Wednesday, February 24, 2016

Ain't we lucky we've got 'em ... From "Good Times" to hard times for late actress' remains

BRBTV welcomes guest blogger Brian Lombard once again for this special report from the field on a beloved actress from one of our favorite classic TV shows ...

Pompano Beach, Florida might not sound like somewhere you’d expect to discover a TV star’s final resting place. But its where you’ll find Westview Community Cemetery and its most famous resident, Esther Rolle. Rolle, who rose to fame in the 1970s as Florida, the matriarch of the Evans family on “Good Times,” passed in 1998, and was interred with her family, which had connections to both the community and to Westview itself.

Westview was founded in response to the segregation of the 1950s. It is considered to be an historically black cemetery, though cemetery officials have downplayed that moniker. One former board member (and Rolle family member) said “``there are some whites out there. It`s not many, two or three, I think, but there are some.”

A few years before Rolle’s passing, a community organization sought to revitalize Westview. After 40 years in service, it needed an upgrade. Tricky roads, outdated burial equipment, and a lack of greenery were all issues to be addressed. More than 20 years later, they’ve yet to be resolved.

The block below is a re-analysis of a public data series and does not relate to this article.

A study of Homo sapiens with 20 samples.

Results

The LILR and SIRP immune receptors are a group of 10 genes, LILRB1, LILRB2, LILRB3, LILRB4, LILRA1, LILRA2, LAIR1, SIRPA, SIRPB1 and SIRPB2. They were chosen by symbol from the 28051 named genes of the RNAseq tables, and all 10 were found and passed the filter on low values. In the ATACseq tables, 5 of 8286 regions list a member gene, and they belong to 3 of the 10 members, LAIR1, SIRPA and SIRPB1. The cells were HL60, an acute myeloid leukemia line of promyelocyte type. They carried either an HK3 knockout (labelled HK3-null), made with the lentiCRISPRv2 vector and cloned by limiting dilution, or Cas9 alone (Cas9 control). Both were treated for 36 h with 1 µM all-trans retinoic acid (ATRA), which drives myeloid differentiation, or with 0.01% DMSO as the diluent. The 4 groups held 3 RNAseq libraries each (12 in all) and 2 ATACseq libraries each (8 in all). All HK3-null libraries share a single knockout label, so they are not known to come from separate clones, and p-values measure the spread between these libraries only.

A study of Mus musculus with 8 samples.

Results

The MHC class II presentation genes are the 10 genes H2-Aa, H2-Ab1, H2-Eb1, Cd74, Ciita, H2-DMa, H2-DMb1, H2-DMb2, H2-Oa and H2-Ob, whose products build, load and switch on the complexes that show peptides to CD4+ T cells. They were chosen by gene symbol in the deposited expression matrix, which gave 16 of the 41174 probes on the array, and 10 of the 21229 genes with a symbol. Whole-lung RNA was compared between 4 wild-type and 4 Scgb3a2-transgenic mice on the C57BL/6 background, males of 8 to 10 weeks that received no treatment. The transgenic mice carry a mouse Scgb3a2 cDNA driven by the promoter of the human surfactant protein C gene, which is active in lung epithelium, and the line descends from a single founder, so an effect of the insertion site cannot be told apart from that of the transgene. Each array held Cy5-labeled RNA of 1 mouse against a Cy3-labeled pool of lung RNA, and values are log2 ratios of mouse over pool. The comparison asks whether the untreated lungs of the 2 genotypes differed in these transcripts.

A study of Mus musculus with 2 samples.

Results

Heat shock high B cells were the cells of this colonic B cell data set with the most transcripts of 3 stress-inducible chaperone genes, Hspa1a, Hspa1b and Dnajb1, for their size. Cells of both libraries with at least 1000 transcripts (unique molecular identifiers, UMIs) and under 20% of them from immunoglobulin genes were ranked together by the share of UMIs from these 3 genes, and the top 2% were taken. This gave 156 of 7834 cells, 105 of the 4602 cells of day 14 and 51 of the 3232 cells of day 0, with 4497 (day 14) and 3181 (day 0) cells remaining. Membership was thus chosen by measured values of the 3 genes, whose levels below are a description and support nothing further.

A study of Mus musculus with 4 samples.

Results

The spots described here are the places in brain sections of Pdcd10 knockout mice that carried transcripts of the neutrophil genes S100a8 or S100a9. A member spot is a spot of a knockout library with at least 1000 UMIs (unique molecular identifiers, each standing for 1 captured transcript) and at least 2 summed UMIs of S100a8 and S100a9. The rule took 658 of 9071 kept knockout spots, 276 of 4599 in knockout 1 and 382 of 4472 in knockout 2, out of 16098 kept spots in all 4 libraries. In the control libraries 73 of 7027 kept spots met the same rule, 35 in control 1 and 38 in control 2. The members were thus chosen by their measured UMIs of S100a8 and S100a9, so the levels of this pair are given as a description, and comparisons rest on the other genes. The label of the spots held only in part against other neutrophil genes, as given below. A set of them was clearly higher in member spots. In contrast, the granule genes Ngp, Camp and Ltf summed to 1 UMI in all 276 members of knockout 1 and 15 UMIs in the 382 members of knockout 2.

As a result, visitors coming to pay their respects to “Florida Evans” don’t have any trouble finding her grave. Rolle’s grave is the only one that bears a headstone, and a recognizable one at that. It stands alone atop a sea of burial vaults, the likes of which this author has never seen (see second photo below). I’ve visited the final resting places of more than 200 celebrities in 17 states, and I’ve never seen vaults like this above ground.

The proposed repairs never took place, and eventually, the cemetery was closed by the city. Two entrances remain closed 24/7, while a third is kept open for family and loved ones of those already interred. In fact, as I was leaving that day, a man who identified himself as Westview’s business manager asked why I had been taking pictures. After explaining my interest in Rolle and “Good Times,” that seemed to satisfy him.

Just last month, the Sun-Sentinel published a story on the cemetery’s fate.

It’s a case of life imitating art. While you might expect to find Florida Evans in Westview, you would never expect to see Esther Rolle, who delighted and continues to delight fans to this day.

Rest in peace.

Brian Lombard is an avid fan of classic TV, and the author of the "Bradypalooza" guide to "The Brady Bunch."

Photos by Brian Lombard; please do not copy without permission.